Authored by Clare Pollard
Illustrated by Reena Makwana
Published by The Emma Press


In contrast with the pacified and harmonious kingdom of the canonical Arthurian myth, the author – Clare Pollard – writes of a court divided and jealous, of petty, selfish bullies vying for supremacy, favour and prosaic pleasures. Gone are the chivalrous knights, the romantic ideals, the purity of medieval virtue, the loyalty and pursue of duty. The search for the elusive but magical Holy Grail is still at the centre of the plot, but the protagonists here are two lowly, hardworking children, Roan and Elva, whose lives are full of hardship and sorrow. They embark on their quest for the miraculous Grail in order to save Roan’s mum – who is close to death – and to find the way to cure Elva’s painfully distorted back. In the process, their goodness, compassion and courage, as well as fondness for each other, gains them the help of magical creatures and fairies. Magic favours the brave and the deserving underdog.

The story unfolds at great pace and no word is misplaced or redundant. The descriptions of skies, forests, creatures and settings are particularly inspired and evocative. The main characters emerge from the pages with genuinely believable personalities: Roan is steadfast and humble, introverted and sensitive; Elva is a whirlwind of a girl, stubborn, exuberant and fiery. In contrast with the hazy, mythical undertones of the story, they feel very real and, most importantly, they feel like real children in whom young readers would easily recognise themselves. When the ending arrives, swift and thrilling, the revelation and outcome is even more satisfying because of the empathy the author has inspired for her characters.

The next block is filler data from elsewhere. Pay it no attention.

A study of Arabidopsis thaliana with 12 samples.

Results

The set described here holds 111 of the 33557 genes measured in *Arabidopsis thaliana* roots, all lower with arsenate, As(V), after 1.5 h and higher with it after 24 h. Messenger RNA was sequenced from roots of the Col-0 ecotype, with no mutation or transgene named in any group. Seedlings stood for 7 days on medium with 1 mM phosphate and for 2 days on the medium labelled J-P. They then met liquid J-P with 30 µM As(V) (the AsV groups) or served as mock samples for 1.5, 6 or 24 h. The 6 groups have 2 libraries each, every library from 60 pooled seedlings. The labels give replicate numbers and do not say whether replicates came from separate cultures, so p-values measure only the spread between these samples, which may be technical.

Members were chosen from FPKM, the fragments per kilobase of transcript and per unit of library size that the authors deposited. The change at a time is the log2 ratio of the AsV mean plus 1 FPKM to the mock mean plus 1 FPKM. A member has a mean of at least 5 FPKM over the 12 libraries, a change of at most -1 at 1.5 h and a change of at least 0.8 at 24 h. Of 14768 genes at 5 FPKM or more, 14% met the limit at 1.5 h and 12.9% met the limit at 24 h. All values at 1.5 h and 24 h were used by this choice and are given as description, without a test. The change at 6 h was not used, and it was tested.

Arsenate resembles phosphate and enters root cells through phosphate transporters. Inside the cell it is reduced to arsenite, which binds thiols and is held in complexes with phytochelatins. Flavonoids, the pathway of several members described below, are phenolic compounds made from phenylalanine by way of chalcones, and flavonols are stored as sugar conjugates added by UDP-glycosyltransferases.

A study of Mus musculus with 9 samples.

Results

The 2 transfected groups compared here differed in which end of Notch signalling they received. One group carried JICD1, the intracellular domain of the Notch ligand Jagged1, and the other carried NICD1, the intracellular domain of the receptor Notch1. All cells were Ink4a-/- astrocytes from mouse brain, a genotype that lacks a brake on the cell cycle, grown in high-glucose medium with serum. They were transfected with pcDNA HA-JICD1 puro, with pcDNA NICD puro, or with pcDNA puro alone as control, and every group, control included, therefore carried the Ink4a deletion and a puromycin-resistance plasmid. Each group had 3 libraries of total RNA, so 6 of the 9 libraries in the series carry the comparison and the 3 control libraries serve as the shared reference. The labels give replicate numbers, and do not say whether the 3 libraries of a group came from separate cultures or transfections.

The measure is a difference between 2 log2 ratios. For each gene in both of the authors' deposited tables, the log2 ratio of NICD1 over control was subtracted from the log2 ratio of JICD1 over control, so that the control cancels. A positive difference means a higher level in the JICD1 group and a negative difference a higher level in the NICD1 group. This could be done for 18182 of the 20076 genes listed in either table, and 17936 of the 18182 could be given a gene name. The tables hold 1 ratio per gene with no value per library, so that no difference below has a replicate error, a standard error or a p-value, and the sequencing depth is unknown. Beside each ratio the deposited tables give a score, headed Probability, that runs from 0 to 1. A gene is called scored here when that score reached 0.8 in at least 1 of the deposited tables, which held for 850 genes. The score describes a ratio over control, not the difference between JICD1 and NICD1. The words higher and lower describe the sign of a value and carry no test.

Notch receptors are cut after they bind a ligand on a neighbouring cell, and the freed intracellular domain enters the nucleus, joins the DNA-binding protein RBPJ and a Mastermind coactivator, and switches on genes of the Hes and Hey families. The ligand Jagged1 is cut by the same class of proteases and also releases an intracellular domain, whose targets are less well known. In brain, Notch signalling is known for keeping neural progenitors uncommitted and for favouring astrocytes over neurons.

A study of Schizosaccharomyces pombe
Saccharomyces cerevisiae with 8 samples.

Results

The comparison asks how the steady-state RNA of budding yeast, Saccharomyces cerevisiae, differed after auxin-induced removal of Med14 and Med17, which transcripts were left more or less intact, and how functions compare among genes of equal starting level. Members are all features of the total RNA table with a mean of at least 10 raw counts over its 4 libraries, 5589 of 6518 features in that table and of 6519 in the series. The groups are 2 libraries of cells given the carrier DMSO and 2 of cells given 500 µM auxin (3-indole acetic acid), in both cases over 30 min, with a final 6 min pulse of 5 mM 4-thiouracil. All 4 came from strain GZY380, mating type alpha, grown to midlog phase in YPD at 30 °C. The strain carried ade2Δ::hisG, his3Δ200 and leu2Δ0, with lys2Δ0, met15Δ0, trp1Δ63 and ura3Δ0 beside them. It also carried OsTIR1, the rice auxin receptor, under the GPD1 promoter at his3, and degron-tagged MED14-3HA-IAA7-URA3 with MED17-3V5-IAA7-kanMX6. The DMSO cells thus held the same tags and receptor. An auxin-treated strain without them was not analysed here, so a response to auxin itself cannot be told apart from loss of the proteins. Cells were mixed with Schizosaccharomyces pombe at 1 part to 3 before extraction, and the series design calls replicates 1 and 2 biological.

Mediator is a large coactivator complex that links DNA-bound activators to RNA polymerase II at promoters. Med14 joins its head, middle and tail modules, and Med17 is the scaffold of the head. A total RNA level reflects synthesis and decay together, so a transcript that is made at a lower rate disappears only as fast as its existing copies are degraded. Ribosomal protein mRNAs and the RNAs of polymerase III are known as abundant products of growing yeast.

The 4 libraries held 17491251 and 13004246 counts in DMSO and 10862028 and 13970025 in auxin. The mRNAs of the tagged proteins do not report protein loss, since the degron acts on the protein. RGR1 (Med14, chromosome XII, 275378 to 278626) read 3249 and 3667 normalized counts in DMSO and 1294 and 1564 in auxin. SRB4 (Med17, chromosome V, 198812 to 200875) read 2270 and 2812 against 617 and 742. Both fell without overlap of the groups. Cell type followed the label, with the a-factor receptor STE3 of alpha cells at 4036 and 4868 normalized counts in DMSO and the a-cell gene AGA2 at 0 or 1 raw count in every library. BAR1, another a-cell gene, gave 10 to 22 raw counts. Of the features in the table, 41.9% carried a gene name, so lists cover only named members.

The strength and charm of this book lies in the juxtaposition of ancient myth and modern voice; fantastical atmosphere and realism; the arrogance of power and privilege versus poverty and oppression. Thanks to the author’s sensitive subversion of tone and perspective, the story feels immortal and contemporary at the same time. Irony and humour sparkle through, used effectively to ‘turn the story upside down’, changing the traditional heroes into mediocre, arrogant beings, whilst the poor, the disabled, the humble become heroes, overcoming challenges thanks to devotion, courage, heart and loyalty.

The language is vibrant, colourful and evocative – I think one can feel that the author also writes poetry. The illustrations by Reena Makwana are fascinating and full of life, and an effective vehicle for the story – they remind of early medieval inscriptions.

The Untameables is a truly enjoyable and worthy read; a book that would suit KS2 children, both in Guided Reading sessions and for shared story time. It offers many prompts for deep discussion: what makes the hero (or main character) in a story and which of their attributes are worth having? Is it important that authors reflect and represent diverse characters and communities in their stories? Would including characters with a disability limit the scope and appeal of children’s books? Can a thoroughly ordinary or working-class character be as noble and engaging as a powerful or privileged one? Are tales of magic and fantasy more enjoyable than stories based around themes and characters rooted in reality? These, and more questions could be explored from sharing this book with children. In these tormented times of conflict and oppression for many, a particularly resonant passage – in which weapons turn into flowers in the aggressors’ hands – epitomises the hopeful heart of this story: respect, justice and peace.